February 10, 2017

 

Cory Williams is a 23 year old native from Los Angeles who is entering his third year as a professional and his first year with the Elevate – KHS Pro Cycling Team. Cory is a natural sprinter as he is a former Junior National Criterium Champion and also a Junior Track National Champion. He has won stages at the San Dimas Stage Race, Tour of Murrieta, and the Dana Point Grand Prix. We caught up with him during his time at his teams recent training camp to get some first hand sprinting techniques. You can follow Cory at @NationsNumber1Beast

 

#1 – Positioning

When your getting close to having to open up your sprint for the finish you want to be well positioned with being three to four riders back from the front of the race. If your too far back you won’t have the time to close the gap to the front of the race. If your too far front you can run into the danger of opening up your sprint too early and having everyone come around you before the finish line.

 


You need to know how far (distance) that you can actually sprint. In a perfect scenario when you know your distance, once your at the end of the race you will know when to go.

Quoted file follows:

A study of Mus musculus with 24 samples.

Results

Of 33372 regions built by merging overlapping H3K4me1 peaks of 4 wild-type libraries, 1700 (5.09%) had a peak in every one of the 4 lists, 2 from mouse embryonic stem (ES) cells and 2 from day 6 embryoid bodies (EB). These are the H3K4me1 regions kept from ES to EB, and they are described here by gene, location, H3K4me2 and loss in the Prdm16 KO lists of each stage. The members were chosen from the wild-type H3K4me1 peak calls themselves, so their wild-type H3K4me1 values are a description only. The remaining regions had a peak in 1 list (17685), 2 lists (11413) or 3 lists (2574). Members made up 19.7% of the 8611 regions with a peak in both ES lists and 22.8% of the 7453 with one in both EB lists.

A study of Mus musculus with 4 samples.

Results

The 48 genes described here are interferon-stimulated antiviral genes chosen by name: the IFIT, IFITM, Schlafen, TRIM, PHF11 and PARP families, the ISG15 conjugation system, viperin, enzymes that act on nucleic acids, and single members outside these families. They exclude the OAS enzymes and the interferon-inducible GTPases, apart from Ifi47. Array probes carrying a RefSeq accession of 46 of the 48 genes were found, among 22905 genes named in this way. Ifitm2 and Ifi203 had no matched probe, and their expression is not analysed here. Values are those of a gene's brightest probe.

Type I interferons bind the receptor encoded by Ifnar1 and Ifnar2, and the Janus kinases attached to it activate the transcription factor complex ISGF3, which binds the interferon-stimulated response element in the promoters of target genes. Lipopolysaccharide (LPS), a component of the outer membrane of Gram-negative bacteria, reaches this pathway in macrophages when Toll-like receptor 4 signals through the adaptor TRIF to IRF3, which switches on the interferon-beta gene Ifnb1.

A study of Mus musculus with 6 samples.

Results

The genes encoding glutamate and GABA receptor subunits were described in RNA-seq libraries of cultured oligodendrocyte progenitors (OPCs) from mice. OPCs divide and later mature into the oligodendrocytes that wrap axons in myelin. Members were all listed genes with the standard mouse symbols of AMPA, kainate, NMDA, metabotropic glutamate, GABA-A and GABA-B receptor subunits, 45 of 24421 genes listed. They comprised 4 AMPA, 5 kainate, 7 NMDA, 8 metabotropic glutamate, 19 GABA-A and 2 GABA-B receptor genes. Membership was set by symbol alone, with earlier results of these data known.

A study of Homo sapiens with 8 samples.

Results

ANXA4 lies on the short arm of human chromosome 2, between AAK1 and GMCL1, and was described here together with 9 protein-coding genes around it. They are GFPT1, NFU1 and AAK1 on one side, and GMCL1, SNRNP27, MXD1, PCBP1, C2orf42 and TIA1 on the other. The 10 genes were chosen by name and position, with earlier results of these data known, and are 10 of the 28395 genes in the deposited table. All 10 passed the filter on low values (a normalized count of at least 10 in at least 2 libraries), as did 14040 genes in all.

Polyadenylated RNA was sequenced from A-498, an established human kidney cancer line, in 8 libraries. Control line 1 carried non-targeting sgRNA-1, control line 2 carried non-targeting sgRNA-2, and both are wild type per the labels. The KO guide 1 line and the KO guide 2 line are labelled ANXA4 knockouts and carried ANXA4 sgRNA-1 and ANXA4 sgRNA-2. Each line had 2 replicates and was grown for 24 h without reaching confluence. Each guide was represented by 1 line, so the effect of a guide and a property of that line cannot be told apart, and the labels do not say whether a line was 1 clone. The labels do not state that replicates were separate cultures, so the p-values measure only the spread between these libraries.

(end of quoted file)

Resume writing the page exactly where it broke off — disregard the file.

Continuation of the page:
You want to know who to follow because potentially they can put you in a winning position. If you pick a bad wheel to follow and they don’t have the fitness to be there at the end you may have to go around them and close the gap to the front, while wasting energy.

 


Through out the race you want to conserve your energy. Having the most power at the end of the race is going to result in you having your best kick for the finish. This means staying out of the wind as much as possible, knowing which moves/racers to follow, and who you can let go. This can go back to tip #3 which is knowing your competition. You want to know who you need to watch and who you need to follow even during the race.

 


Training with speed signs. This is a good way that you can practice to learn your distance out on the road for sprinting. While out for a training ride you can pick and choose signs to go for, I typically like to do five to ten per ride and this will let you gage your distance for the finish line.